Despite plenty of early-season snow, Cloquet residents have found the tubing hill at Pine Valley Park closed so far this winter.

After studying the last few years of use at the hill, the Cloquet Parks Commission and the Cloquet School District’s Community Education Department decided to close the hill permanently this fall.

Cloquet Public Works Director Caleb Peterson and Community Education Director Ruth Reeves said there were a number of concerns with the hill, including safety, the inability to make snow and difficulty staffing the hill.

“The hill itself was built as a ski run many, many years ago, and it wasn’t really designed for tubes,” Reeves said. “We had a lot of ambulance calls when it was open and then the tow rope is quite ancient and right now is not functioning.”

The lack of snow early in the season contributed to the lack of use, Peterson said.

“Traditionally, if you don’t have enough snow at the schools’ winter break, people just forget about you,” he said.

RELATED: Carlton County digs out after blizzard

In recent years, use of the hill was “very sporadic” and even when there was enough snow for the hill to open, it would eventually become dangerous, Peterson said.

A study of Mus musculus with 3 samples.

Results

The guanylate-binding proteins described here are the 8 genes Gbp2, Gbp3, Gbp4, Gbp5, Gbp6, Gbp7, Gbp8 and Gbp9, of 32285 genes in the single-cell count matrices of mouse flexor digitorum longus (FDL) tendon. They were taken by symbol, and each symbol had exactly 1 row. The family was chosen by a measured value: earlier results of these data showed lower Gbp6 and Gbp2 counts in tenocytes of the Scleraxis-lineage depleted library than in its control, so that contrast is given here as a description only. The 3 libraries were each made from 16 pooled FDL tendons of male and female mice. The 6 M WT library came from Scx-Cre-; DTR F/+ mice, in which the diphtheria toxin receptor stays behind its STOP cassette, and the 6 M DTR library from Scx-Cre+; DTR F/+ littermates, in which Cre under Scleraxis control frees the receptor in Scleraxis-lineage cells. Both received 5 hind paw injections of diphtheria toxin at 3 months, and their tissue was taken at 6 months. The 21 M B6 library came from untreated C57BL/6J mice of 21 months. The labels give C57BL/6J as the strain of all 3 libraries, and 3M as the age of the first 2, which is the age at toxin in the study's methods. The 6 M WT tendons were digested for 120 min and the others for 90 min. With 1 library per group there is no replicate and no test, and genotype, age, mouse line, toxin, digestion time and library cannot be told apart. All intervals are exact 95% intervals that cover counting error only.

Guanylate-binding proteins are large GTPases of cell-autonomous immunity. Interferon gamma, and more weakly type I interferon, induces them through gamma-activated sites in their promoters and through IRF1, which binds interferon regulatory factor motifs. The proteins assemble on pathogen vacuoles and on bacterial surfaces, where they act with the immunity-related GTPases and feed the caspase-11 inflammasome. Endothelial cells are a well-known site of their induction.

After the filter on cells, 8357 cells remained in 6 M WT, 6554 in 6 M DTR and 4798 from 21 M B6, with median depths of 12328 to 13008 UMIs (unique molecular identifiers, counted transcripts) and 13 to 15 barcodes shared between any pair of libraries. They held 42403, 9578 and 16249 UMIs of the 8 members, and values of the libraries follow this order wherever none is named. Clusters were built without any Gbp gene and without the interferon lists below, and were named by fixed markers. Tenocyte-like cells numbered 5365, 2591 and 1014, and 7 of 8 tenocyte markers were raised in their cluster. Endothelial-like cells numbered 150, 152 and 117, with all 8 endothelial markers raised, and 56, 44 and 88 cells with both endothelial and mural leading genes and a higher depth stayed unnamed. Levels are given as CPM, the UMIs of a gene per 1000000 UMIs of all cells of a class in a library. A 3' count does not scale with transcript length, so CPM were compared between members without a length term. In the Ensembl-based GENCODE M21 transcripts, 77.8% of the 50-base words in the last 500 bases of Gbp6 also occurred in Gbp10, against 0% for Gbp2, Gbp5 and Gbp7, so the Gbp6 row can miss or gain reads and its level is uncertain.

“Once we had enough snow, it would turn to ice,” he said. “People would get going too fast, and it just wasn’t safe.”

Over the past few years, the hill was open just a handful of weekends. With such irregular hours, staffing was also a recurring issue for Reeves and the Community Education Department, which oversaw the hill’s management.

What’s more, the 2.5-mile, single-track mountain bike trail crosses the hill and has created a flat spot that increases safety concerns, Peterson said.

Parks Commission member Tim Krohn said the hill sees “almost daily use” from fat bike riders and snowshoers — far more often than it is used for tubing.

There also hasn’t been much demand for the hill to open in the early days of the current season.

“In general, we’ve had so few days we were open the past few years, I don’t know how many people have missed it,” Peterson said. “It turned out to be a tremendous amount of work and maybe only opened two weekends over the course of the winter.”